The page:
Note that it would always be "day" in such a cylindrical world unless measures are taken to simulate day and night, either through sun shades, mirrors, or some combination of the above.

These were formerly referred to as "Niven's Rings" by physicists, astronomers, and science fiction writers, after the creator of the concept, author Larry Niven (who thought it up as a mid-point between a Dyson Sphere and a planet), in his novel Ring World.


Examples of Ringworld Planet include:


Anime and Manga

  • The Gundam franchise helped popularize the O'Neill Cylinder space colony (see below in "Literature"), as well as other designs.
    • Actual ring shaped colonies (Known as the "Stanford Torus" or "Island 2" model) are only common in the Gundam Wing coninuity, though one also shows up in Gundam Unicorn, which was apparently the first ever built in the UC-verse and promptly got blown up.


Comic Books

Film

  • You see one for a little bit in Revenge of the Sith.
  • Possibly the most famous example, the space station from 2001: A Space Odyssey.


Literature

  • Larry Niven's Ring World is set on a world shaped like a vast ring with a sun at its centre. It's made of Unobtanium called scrith and is so massive that its geographical features include 1:1-scale maps of several planets (including Earth). These maps are significantly less than 1% of the ring's surface area.
  • The Culture of Iain M. Banks's novels builds Ringworld-style Orbitals (but smaller) as housing for many of its citizens. They have a few full size, fits-round-a-star Ringworlds too but they're much rarer, since you can get more useable area by using the same mass to build orbitals so most of the Culture regards them as tacky.
  • Arthur C. Clarke's Rama from the series started by Rendezvous With Rama, is a massive cylindrical spacecraft.
  • The protagonists of Gregory Benford's Beyond Infinity spend a brief time trapped in a Tunnelworld after an encounter with some 4-dimensional aliens. It was a closed loop, so traveling in any direction for a long enough time would return you to your point of origin.
  • Gerard O'Neill proposed a real world cylindrical space colony: Island Three.
    • The page illustration is a representation of the "Stanford Torus", another design inspired by both O'Neill's work and the classic "wheel-and-hub" space stations.
  • Earth in Illium and Olympos is surrounded by two huge ever moving rings. They are not fun places.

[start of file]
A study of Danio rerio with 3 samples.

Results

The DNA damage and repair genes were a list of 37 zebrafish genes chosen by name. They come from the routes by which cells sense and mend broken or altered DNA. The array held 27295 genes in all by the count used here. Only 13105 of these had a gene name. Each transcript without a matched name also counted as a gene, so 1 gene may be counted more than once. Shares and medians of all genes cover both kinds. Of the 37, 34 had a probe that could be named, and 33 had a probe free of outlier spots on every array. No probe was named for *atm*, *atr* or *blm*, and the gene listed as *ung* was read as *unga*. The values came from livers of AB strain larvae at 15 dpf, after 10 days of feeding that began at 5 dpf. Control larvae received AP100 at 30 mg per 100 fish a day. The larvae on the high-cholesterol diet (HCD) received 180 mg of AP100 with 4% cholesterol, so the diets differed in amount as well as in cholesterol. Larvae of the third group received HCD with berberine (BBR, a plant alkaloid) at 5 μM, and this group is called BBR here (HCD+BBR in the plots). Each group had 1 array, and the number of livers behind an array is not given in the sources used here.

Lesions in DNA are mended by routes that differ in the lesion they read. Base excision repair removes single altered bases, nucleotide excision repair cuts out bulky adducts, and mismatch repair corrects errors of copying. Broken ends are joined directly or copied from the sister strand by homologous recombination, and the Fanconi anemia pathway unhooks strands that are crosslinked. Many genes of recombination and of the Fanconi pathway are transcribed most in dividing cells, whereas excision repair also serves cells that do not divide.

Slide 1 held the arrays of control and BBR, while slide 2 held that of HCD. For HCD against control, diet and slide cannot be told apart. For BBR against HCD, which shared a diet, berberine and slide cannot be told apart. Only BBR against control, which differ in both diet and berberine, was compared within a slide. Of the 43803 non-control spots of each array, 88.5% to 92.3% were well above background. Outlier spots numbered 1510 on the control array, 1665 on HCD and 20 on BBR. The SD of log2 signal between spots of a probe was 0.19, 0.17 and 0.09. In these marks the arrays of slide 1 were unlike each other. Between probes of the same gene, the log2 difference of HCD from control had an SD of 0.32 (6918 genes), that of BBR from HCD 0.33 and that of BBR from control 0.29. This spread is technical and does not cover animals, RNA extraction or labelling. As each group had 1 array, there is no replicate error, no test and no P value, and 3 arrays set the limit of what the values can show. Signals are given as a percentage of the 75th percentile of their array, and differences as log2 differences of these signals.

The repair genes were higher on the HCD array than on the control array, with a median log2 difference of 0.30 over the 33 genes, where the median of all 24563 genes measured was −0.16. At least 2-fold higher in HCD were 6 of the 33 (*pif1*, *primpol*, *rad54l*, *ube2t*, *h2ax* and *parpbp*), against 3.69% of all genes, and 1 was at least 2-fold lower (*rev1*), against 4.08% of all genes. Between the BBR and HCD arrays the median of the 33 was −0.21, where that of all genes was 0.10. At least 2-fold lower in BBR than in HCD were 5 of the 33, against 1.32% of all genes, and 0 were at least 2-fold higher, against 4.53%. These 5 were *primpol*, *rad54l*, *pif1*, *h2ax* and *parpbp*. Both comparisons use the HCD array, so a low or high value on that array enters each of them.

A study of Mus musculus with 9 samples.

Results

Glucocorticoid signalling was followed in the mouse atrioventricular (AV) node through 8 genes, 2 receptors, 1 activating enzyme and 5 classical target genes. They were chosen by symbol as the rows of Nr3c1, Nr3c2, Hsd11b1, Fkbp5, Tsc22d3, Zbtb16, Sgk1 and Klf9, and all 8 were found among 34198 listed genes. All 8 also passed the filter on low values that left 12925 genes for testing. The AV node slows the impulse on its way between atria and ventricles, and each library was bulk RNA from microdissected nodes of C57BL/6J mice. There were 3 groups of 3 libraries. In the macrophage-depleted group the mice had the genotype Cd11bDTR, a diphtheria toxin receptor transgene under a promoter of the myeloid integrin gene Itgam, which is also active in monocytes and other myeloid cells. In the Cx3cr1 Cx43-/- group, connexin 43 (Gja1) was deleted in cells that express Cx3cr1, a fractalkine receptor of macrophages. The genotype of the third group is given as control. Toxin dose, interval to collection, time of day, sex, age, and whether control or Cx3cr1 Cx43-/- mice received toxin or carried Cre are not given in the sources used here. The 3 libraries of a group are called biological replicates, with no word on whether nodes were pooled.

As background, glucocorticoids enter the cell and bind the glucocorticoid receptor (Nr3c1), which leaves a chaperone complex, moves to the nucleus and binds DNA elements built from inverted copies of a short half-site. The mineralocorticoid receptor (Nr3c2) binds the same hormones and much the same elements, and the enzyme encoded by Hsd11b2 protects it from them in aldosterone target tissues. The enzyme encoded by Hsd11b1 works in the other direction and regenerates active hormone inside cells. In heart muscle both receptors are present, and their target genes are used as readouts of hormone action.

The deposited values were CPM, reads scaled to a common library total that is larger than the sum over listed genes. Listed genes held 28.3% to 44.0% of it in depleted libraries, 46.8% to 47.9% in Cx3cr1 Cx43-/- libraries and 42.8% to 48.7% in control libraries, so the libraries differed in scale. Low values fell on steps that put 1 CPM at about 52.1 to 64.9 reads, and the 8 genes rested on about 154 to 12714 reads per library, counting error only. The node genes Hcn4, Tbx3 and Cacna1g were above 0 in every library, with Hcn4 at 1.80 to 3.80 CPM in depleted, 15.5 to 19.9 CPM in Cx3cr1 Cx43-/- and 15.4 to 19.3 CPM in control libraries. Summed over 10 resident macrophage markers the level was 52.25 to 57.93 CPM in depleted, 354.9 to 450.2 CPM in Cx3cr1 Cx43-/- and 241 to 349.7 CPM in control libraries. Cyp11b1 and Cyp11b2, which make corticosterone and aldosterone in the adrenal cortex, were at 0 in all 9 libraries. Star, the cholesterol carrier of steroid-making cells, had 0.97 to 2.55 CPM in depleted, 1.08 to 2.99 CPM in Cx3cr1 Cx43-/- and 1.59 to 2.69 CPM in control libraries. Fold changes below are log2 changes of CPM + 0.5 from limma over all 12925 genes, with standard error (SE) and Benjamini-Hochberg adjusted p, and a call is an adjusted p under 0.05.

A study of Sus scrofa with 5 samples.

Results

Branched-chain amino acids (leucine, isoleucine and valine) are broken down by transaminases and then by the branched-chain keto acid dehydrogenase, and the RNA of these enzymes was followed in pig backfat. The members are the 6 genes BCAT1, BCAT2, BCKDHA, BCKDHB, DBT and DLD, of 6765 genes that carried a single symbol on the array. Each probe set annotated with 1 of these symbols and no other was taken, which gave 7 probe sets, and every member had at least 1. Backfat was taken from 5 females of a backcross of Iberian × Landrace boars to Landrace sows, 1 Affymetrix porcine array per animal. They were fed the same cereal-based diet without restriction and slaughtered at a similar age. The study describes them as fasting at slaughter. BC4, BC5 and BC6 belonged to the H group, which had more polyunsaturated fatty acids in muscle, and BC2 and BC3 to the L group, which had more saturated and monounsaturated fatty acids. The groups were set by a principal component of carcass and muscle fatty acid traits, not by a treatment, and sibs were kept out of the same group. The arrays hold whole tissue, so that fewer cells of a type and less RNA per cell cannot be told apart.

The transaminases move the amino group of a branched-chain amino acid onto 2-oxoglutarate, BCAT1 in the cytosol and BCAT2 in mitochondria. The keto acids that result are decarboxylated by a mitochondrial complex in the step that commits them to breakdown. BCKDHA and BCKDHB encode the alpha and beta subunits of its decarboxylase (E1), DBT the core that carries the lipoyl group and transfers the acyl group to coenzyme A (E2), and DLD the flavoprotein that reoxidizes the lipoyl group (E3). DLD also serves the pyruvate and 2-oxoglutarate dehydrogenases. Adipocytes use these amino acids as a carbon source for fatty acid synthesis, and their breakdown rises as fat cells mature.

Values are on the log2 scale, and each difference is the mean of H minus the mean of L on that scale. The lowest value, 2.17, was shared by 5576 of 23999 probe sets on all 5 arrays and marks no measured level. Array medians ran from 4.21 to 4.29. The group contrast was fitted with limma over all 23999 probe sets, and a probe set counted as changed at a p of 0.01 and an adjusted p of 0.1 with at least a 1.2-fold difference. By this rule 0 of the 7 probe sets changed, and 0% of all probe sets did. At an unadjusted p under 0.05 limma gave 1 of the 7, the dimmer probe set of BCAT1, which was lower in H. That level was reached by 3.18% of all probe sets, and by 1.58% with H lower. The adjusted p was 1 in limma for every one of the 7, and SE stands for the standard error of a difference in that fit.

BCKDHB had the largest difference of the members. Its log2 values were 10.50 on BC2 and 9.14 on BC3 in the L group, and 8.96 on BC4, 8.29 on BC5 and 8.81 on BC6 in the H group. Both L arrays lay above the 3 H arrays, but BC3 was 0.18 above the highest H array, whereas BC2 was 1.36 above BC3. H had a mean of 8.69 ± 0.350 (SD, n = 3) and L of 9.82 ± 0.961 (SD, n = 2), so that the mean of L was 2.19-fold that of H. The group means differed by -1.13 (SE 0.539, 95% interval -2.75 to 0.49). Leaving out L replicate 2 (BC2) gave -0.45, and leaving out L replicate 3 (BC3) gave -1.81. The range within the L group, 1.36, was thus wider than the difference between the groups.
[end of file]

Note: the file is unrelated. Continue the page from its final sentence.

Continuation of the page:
• Thistledown, from Greg Bear's Way Series, is a hollowed out asteroid containing seven cylindrical chambers separated by bulkheads.
    • The seventh chamber connects to a cylindrical pocket universe with several million miles of terraformed interior.
  • The Anne McCaffrey novel The City Who Fought takes place entirely on a cylindrical space station.

Tabletop Games

  • Sigil from Dungeons and Dragons Planescape setting is this. It's also a sort of hub that connects to all the other planes of existence.


Video Games

  • Halo takes place on a world (Installation 04) resembling Banks' Orbitals at the midpoint between a gas giant and its moon. All of the other Halos appear to orbit gas giants as well.
  • Startopia has you turn one of these into a profitable space station.
    • Several, actually. Apparently, all known races use the same exact design for their space stations, right down to the color scheme.
  • EV Nova has several of these, mostly ring-around-a-planet style. Though one is (for all intents and purposed) THE Ring World. (The Polaris use that one for effectively infinite farmland.)
  • In Mass Effect, the Citadel is one of these. In particular, the Presidium is a huge ring with its own biosphere and simulated sky at one end of the space station.
    • The Alliance's Arcturus Station is described as a Stanford Torus.
  • You can make these in the Space Empires series. A Dyson Sphere is better, though.
  • Some of the planets in both Super Mario Galaxy and Super Mario Galaxy 2, such as the planet in which you fight Megahammer (a Humongous Mecha piloted by Bowser Jr.) on in the latter, actually look like these.
  • You can build these in Star Ruler, admittedly as a lategame option. They are Capital-H Huge, larger than some planetary orbits.
  • Shores of Hazeron has ancient ringworlds which can be colonized. The ringworlds are almost exactly like those from the Ring World novel, with mountains flanking the inner walls, and with shadow squares creating day/night cycles on the surface.